CRC Members Bear Witness at Truth and Reconciliation Hearing

News

The Christian Reformed Church had a witnessing presence at a Truth and Reconciliation Commission hearing in Victoria, British Columbia, this past April.

CRC members from across Canada at the Truth and Reconciliation hearings. (Back row, l-r): Sam Cooper, Joshua deGroot, Steve van de Hoef, Ella Land, Bruce Adema, Steve Kabetu, Melissa VanDyke, and Janessa Grypma; (Front row, l-r): Tal James, Jenny deGroot, Yvonne Schenk, Michele Visser-Wikkerink, Shannon Perez, Elna Siebring , and Jean deBeer

The CRC contingent gathered with close to 1,000 others to hear stories about the impact of residential schools on indigenous Canadians.

There were stories of pain, abuse, alienation, and abandonment as well as of resilience and strength. The stories, told before three commissioners appointed by the Canadian government, were the real life residential school experiences of First Nations peoples.

The Truth and Reconciliation Commission of Canada (TRC) was established in June 2008 for the purpose of “revealing the complete story of Canada’s residential school system and leading the way to respect through reconciliation.”

Residential schools for Aboriginal children were operated by the Canadian government in partnership with Christian churches from the 1870s, with the last school closing in the 1990s. Over 150,000 First Nation, Metis, and Inuit children were sent to these schools.

A number of the CRC folk attending the hearings represented CRC ministries. Others attended out of personal desire connecting to their roles in their churches and communities.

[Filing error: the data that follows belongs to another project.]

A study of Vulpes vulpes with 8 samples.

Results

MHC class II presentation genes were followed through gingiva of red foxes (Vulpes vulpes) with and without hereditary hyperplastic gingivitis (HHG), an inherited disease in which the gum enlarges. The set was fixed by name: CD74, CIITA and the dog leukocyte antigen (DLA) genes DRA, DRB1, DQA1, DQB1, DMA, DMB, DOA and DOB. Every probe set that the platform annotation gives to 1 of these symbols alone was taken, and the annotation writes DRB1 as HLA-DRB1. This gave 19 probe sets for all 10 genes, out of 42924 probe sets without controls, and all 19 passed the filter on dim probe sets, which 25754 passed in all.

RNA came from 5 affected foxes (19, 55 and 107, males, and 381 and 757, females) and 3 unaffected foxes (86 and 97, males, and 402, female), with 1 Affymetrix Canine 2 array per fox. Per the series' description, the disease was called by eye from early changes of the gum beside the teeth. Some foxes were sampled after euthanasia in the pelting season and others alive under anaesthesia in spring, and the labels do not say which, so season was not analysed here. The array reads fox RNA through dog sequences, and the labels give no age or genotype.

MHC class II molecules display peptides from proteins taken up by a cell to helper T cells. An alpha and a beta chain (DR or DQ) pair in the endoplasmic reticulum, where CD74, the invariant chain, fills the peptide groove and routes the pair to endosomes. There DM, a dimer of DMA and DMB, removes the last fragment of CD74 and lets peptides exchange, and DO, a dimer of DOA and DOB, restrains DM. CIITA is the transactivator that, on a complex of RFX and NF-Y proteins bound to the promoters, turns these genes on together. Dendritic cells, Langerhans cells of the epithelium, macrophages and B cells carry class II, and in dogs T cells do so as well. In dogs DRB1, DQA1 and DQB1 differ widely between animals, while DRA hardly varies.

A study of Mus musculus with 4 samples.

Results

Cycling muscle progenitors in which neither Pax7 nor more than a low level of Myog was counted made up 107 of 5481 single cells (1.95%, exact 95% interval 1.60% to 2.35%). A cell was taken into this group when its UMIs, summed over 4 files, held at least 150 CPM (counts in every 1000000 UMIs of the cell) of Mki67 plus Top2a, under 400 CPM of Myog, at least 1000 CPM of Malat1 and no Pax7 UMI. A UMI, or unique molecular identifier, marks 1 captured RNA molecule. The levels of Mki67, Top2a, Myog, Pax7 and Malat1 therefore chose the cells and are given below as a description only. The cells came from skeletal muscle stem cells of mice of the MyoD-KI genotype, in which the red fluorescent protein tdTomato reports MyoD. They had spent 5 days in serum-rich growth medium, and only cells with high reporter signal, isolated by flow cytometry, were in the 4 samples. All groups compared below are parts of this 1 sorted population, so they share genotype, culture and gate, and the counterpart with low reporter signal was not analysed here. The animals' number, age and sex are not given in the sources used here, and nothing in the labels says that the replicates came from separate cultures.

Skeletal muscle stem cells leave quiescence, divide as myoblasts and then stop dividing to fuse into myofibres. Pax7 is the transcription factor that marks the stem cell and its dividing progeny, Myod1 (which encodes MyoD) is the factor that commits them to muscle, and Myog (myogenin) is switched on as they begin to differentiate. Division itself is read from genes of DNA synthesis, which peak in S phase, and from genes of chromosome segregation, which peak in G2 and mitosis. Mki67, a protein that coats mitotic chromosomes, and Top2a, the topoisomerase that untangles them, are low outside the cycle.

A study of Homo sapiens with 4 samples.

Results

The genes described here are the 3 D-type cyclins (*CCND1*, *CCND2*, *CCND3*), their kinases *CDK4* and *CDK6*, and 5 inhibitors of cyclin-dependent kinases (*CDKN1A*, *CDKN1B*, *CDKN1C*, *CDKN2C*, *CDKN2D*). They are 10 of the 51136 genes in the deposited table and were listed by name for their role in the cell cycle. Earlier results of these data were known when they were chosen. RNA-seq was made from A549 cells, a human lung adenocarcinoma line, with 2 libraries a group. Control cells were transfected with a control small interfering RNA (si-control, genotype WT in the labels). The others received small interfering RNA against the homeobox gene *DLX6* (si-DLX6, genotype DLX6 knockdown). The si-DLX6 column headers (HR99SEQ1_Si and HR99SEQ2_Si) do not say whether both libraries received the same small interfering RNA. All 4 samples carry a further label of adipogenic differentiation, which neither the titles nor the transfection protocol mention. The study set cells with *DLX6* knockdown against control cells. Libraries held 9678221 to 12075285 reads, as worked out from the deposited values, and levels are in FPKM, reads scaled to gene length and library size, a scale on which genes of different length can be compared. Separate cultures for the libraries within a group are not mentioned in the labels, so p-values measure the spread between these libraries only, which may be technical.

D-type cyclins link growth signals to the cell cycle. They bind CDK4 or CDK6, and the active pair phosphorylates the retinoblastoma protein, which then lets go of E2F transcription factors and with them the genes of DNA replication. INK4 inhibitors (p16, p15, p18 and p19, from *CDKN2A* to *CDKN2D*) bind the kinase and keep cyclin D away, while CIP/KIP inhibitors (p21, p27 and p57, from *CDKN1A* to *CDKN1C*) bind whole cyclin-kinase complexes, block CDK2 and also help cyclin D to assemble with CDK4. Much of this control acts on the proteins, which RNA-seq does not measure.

Melissa Van Dyk is a member of First CRC of Vancouver. “I believe it’s incredibly important to be aware of the injustice that exists in our community and has affected our community,” she said. Van Dyk, who works for a ministry in one of Vancouver’s toughest areas, added, “I felt like this was something that would help me understand our neighbors and be able to see from a new perspective where they might be coming from.”

Steve Kabetu, formerly serving in Race Relations ministry for the CRC and more recently Canadian director of Christian Reformed World Missions, attended a previous hearing across the country in Halifax. “I am hoping that CRC folks engage this issue as an invitation to come alongside other churches and Canadians, and see it as a real opportunity of learning and engagement, as it pertains to a journey of healing, justice, and reconciliation with our indigenous communities.”

Van Dyk acknowledged the deep pain in the stories. “I came away with a broken and enlarged heart . . . a longing for reconciliation, a renewed desire for justice, and a sense of responsibility to do something.”

TRC events will continue for the next two years in different regions of Canada.

About the Author

Jenny deGroot is a teacher/librarian in Langley, British Columbia.